A constitutional battle involving a lawyer's right to insult a judge has been joined at the Michigan Supreme Court, which could set new limits on what lawyers say and do outside the courtroom.
And at the center of it all is Geoffrey Fieger, the outspoken former attorney for assisted-suicide doctor Jack Kevorkian.
Fieger faces a reprimand from the Michigan Attorney Grievance Commission for insulting three state appellate judges on a radio talk show in 1999 after the judges overturned a $15 million verdict he won in a medical malpractice case.
According to the grievance commission, Fieger used numerous obscenities, called the justices "three jackass court of appeals judges," declared war on them and referred to them as "Nazis."
Big deal, argued Fieger's lawyer, Michael Alan Schwartz, maintaining that Fieger's comments outside the courtroom are protected by the First Amendment.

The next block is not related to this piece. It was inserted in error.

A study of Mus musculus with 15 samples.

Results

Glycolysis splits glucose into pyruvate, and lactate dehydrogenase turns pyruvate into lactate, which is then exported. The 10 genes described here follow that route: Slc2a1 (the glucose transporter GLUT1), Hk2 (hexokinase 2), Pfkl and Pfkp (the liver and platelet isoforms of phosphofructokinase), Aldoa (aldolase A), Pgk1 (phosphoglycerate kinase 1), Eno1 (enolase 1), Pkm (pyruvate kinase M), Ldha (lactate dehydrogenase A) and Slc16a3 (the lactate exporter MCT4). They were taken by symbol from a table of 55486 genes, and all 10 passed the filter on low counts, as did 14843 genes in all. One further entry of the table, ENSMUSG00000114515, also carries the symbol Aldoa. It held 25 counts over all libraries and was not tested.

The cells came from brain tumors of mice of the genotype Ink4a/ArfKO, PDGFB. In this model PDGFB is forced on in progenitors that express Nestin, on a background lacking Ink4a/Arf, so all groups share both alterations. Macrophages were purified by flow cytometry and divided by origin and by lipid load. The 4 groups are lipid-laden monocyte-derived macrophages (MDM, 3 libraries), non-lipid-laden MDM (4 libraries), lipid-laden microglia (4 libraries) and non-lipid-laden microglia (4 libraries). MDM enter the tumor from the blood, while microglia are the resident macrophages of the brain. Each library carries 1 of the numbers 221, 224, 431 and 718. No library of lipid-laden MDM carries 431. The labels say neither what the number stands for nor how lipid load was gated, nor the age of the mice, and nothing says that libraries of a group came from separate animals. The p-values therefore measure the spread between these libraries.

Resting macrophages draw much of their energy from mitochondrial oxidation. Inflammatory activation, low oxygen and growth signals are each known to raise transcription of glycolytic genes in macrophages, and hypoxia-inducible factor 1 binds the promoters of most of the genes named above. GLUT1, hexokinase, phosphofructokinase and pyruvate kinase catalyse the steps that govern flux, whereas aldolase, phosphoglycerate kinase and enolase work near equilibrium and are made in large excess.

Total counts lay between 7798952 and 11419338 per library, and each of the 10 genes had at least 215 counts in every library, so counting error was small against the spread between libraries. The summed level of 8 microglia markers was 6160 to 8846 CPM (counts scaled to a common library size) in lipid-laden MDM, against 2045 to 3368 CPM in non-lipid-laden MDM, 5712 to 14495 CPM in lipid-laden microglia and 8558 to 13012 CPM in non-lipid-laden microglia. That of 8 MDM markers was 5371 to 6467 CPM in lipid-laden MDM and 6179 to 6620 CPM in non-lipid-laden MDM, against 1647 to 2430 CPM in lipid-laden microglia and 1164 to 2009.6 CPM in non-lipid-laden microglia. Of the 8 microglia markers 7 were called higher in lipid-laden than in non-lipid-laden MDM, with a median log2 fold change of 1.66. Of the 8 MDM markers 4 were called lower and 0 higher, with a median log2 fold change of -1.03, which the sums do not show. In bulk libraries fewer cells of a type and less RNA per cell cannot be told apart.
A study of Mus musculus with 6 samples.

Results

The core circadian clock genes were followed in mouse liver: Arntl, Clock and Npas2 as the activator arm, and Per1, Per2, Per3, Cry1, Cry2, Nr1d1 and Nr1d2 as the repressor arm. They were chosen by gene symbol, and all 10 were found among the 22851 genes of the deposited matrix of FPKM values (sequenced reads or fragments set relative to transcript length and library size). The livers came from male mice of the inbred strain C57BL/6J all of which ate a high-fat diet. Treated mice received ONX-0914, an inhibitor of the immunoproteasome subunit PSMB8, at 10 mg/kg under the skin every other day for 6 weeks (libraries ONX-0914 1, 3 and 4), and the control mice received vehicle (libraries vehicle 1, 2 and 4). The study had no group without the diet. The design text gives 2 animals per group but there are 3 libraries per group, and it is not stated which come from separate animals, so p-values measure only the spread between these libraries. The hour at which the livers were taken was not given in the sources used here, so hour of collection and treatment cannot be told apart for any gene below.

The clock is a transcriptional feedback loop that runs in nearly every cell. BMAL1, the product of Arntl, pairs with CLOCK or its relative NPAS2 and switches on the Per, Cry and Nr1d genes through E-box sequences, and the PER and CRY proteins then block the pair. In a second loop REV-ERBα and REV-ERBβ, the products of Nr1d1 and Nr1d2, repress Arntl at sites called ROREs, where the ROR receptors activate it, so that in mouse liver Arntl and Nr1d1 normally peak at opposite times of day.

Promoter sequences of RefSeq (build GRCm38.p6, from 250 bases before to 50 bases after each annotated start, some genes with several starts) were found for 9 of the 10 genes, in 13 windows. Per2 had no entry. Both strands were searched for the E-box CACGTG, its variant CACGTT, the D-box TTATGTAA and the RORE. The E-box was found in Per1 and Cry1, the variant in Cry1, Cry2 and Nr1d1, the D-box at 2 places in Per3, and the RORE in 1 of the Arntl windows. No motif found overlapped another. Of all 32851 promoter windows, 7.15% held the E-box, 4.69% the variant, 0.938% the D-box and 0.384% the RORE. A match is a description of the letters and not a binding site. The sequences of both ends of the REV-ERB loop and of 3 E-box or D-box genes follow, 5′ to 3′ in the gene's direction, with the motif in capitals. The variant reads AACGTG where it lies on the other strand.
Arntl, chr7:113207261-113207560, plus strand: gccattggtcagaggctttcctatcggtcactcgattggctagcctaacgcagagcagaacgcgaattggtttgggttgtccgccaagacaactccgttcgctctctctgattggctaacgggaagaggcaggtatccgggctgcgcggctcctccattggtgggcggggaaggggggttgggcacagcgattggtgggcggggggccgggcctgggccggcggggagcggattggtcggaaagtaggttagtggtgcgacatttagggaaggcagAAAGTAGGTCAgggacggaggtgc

"There's no law that says you've got to be dignified," said Schwartz of Schwartz, Kelly & Oltarz-Schwartz in Farmington Hills, Mich. "Why are they looking to Fieger and what did he do that was so terrible? He made some uncharitable comments about a couple of judges in the course of a radio program."
MICHIGAN'S UNIQUE RULES
But according to the grievance commission, Fieger violated two Michigan rules regarding professional conduct, including a "courtesy rule," which is unique to Michigan and requires that lawyers treat judges with respect and courtesy.
"We all agree that attorneys have the right to criticize judges. There's no doubt about that ... . They just have to do so in a professional way," said Robert Edick, deputy administrator for the grievance commission.
Edick said the commission is asking the state high court to draw the line between an attorney's right to free speech and an attorney's obligation to courtesy and professionalism.